To determine the physical reasons why choroidal blood vessels (CBV) appear relatively dark (void of signal) on clinical OCT images of normal eyes while they appear relatively bright (stronger signal) in eyes with geographic atrophy (GA) secondary to AMD.
According to the Raleigh and Mie theory of light-particle interaction, we developed a simple model to simulate light scattering and propagation within the RPE, choroid, sclera, and red blood cells (RBCs). Retinal ultrastructure from histology was used to estimate the effective sizes of scattering particles that composed each tissue complex. The parameters considered included particle size, scattering (us) and absorption co-efficient, and the anisotropic factor (g, tendency of light to go forward or backward when interacting with a particle). The larger the g value, the lower the probability for light to be backscattered by a particle, thus making it more difficult for OCT to detect. To confirm simulation results, we fabricated a three-layer scattering phantom to simulate the RPE, choroid, and sclera tissue complexes. Two flow tubes of a 50um diameter, one flowing with fresh blood and another with intralipid, were situated in the middle layer to simulate CBVs.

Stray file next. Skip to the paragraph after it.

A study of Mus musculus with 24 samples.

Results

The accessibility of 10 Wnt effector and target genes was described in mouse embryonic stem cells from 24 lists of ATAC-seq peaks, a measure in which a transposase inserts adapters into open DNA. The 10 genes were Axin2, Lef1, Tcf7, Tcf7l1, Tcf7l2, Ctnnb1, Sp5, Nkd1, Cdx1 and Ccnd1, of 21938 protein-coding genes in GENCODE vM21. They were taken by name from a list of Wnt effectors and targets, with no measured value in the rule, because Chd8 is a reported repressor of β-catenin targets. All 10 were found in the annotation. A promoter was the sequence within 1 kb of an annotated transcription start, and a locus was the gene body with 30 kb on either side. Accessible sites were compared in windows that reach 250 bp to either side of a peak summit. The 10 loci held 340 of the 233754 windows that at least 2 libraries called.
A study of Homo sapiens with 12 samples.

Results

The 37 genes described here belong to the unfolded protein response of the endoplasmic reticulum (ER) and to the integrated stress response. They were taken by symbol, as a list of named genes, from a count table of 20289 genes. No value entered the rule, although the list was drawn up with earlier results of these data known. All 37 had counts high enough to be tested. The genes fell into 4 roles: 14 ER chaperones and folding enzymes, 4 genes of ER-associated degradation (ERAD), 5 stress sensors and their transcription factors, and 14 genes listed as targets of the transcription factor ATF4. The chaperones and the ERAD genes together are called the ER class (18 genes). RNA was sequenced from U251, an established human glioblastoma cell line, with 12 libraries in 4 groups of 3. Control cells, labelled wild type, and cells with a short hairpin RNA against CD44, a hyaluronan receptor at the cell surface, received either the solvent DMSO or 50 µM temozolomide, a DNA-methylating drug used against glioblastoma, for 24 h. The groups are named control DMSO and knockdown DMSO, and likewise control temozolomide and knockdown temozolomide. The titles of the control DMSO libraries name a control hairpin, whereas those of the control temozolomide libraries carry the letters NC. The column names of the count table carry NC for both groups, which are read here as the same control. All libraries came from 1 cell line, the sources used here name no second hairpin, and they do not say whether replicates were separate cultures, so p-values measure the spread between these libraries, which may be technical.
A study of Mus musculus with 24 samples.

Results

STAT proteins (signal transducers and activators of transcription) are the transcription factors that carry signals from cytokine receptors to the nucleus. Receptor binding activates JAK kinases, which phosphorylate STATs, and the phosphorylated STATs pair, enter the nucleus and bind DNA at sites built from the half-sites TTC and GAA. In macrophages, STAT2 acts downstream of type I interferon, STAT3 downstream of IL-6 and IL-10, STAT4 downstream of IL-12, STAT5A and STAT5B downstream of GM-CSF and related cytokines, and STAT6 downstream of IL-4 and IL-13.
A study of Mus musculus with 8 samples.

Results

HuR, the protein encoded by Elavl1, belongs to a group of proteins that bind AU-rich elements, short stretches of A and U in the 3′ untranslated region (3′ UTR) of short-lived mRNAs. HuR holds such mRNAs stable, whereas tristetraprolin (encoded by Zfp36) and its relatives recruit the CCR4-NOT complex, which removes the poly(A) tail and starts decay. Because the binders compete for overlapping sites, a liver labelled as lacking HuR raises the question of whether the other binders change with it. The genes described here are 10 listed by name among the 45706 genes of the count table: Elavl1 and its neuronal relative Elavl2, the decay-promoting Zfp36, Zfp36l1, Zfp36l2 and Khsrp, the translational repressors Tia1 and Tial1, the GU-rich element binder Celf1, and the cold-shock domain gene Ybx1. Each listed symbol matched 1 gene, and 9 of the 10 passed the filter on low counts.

At the 850 nm OCT wavelength, it was found that the densely populated melanin (average effective size of ~0.2um) within the RPE complex would be strongly scattering particles with us ~150/mm and g value between 0.75 and 0.85. The tissue components within the stroma and sclera with an effective particle size of ~2um were relatively less scattering with us ~53/mm and g ~0.87. However, the RBCs, with an average size of ~ 7um, scatter the light at g = 0.99 with us ~75/mm. These parameters explain the low likelihood that photons would be backscattered from RBCs within the CBV lumens and detected by OCT. Microfluidic phantom experiments confirmed the theoretical predictions (See Figure).
The melanin particles located within the RPE are mainly responsible for the dark appearance of the CBV lumens on clinical OCT images. A progressive loss of RPE tissue components increases the OCT detection probability of photons being backscattered from the RBCs within the CBVs, thus making the inner portion of the choroidal vessels appear brighter in patients with GA. However, the outer portions of the larger vessels continue to appear dark due to high scattering and absorption of RBCs.
This is an abstract that was submitted for the 2017 ARVO Annual Meeting, held in Baltimore, MD, May 7-11, 2017.